British authors and Daily Mail critics reveal their selection of the best books this summer to pack for your holiday. Choose from thrillers, crime, literary fiction, chick flicks, children's and more. Pictured clockwise from top left: The Leavers by Lisa Ko, Firefly by Henry Porter, Bee Boy by Tony De Saulles, Dear Mrs Bird by AJ Pearse, Circe by Madeline Miller, Warlight by Michael Ondaatje, Sourdough by Robin Sloan and Acts Of Infidelity by Lena Andersson.
That damned Mussolini's ruined our holiday! How the rich and titled gathered on the Riviera to worship the sun and sleep with each other in their gilded mansions - until WWII spoiled their fun
Barry Dierks and Eric Sawyer (pictured right) built new homes in the South of France for the rich and titled which attracted the likes of the Duke of Windsor and Wallis Simpson (pictured left) - before the outbreak of the Second World War. The stories of the parties on the Riviera before the war and the experiences of Dierks and Sawyer are highlighted in a new book titled Riviera Dreaming (pictured inset).
How Sherlock's creator Sir Arthur Conan Doyle unravelled a REAL murder and saved a man who had wrongly spent 16 years in jail for murdering an 82-year-old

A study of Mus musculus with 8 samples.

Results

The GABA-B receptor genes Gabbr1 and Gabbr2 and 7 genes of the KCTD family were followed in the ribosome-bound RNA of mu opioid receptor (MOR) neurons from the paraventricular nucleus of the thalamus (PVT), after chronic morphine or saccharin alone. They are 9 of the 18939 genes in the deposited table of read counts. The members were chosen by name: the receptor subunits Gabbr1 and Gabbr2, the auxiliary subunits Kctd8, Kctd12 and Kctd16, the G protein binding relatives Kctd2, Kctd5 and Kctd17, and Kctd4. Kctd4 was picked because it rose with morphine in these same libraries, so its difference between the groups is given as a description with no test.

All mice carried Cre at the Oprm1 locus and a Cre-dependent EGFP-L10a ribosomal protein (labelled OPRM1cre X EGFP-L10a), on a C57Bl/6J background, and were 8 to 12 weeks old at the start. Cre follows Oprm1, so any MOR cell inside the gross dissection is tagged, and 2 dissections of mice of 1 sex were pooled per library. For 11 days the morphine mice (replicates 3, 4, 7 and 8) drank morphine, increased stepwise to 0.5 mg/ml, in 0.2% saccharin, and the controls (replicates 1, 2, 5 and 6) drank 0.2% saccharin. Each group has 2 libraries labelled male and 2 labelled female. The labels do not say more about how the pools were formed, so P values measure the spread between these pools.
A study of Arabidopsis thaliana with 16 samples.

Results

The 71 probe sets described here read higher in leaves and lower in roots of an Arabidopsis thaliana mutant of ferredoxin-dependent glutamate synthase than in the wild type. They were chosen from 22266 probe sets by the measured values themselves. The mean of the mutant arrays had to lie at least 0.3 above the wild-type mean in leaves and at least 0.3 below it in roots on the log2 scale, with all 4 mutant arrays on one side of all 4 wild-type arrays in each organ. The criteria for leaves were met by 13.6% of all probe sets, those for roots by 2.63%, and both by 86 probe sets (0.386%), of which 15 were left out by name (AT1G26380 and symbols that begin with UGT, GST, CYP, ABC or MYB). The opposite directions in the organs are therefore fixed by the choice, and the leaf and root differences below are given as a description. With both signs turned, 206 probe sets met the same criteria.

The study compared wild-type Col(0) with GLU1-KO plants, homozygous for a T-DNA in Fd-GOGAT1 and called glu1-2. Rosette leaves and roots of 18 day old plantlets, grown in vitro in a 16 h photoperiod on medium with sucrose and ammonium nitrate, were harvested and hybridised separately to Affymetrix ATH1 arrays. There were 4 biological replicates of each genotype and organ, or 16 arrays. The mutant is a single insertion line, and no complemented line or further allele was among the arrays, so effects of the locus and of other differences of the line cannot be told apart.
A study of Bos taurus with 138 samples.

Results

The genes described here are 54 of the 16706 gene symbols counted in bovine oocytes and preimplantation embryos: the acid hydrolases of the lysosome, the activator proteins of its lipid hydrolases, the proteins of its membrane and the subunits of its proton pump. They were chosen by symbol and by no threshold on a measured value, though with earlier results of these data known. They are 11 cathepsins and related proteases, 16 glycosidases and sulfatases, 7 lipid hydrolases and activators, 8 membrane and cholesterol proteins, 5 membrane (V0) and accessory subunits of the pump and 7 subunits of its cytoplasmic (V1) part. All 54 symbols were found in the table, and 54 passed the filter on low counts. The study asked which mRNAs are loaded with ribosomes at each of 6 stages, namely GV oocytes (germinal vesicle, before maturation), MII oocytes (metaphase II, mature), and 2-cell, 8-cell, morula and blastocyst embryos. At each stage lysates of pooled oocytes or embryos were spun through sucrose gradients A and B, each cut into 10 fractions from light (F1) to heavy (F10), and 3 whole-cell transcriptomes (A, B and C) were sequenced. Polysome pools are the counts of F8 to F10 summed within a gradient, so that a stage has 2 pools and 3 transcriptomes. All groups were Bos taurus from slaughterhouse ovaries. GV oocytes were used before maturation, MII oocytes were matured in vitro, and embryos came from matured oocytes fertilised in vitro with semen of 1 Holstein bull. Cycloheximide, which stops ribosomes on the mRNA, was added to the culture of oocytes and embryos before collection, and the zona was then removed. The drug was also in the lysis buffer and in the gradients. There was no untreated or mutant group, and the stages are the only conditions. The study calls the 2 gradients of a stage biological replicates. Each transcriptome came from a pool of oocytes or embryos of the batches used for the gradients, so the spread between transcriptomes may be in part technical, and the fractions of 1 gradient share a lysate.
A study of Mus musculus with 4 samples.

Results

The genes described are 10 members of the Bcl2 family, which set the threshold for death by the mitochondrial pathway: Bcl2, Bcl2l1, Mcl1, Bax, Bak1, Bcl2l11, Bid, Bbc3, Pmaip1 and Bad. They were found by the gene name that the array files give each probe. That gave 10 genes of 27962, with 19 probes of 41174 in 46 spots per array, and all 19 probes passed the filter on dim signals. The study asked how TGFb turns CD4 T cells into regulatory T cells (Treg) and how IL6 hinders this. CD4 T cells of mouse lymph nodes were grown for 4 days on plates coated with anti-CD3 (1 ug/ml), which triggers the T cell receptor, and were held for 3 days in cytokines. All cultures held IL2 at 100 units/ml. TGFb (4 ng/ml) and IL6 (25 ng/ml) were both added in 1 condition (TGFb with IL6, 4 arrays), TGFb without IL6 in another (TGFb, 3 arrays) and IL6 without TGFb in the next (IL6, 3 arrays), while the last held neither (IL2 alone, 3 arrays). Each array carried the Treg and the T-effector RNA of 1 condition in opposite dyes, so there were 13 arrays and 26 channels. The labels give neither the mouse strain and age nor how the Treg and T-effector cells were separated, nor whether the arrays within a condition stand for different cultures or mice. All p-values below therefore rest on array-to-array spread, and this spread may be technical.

Oscar Slater had spent 16 years in prison for a murder he didn't commit when he passed a note to Sir Arthur Conan Doyle (pictured left) through the dentures of another inmate - he was eventually freed thanks to the efforts of the Sherlock Holmes creator (pictured right). 82-year-old spinster Marion Gilchrist was living in a large flat in a prosperous neighbourhood of Glasgow and was bludgeoned to death. Though Slater was originally jailed, the actual culprit was never found.
A sparkling WIT but a terrible husband: Dr Johnson may not have tired of London, but he did tire of his wife - and took a mistress said to have chained and beaten him
Author Henry Hitchings uncovers the life of 18th century man-of-letters Samuel Johnson (pictured left) in a new book (pictured inset). Samuel whose sayings became famous and much quoted made a name for himself by seeking bookish accomplishments. Henry reveals Samuel (pictured right) was busy establishing himself as a literary agent when his wife Tetty, died in 1752. Samuel didn't attend her funeral or visit her grave for more than a year.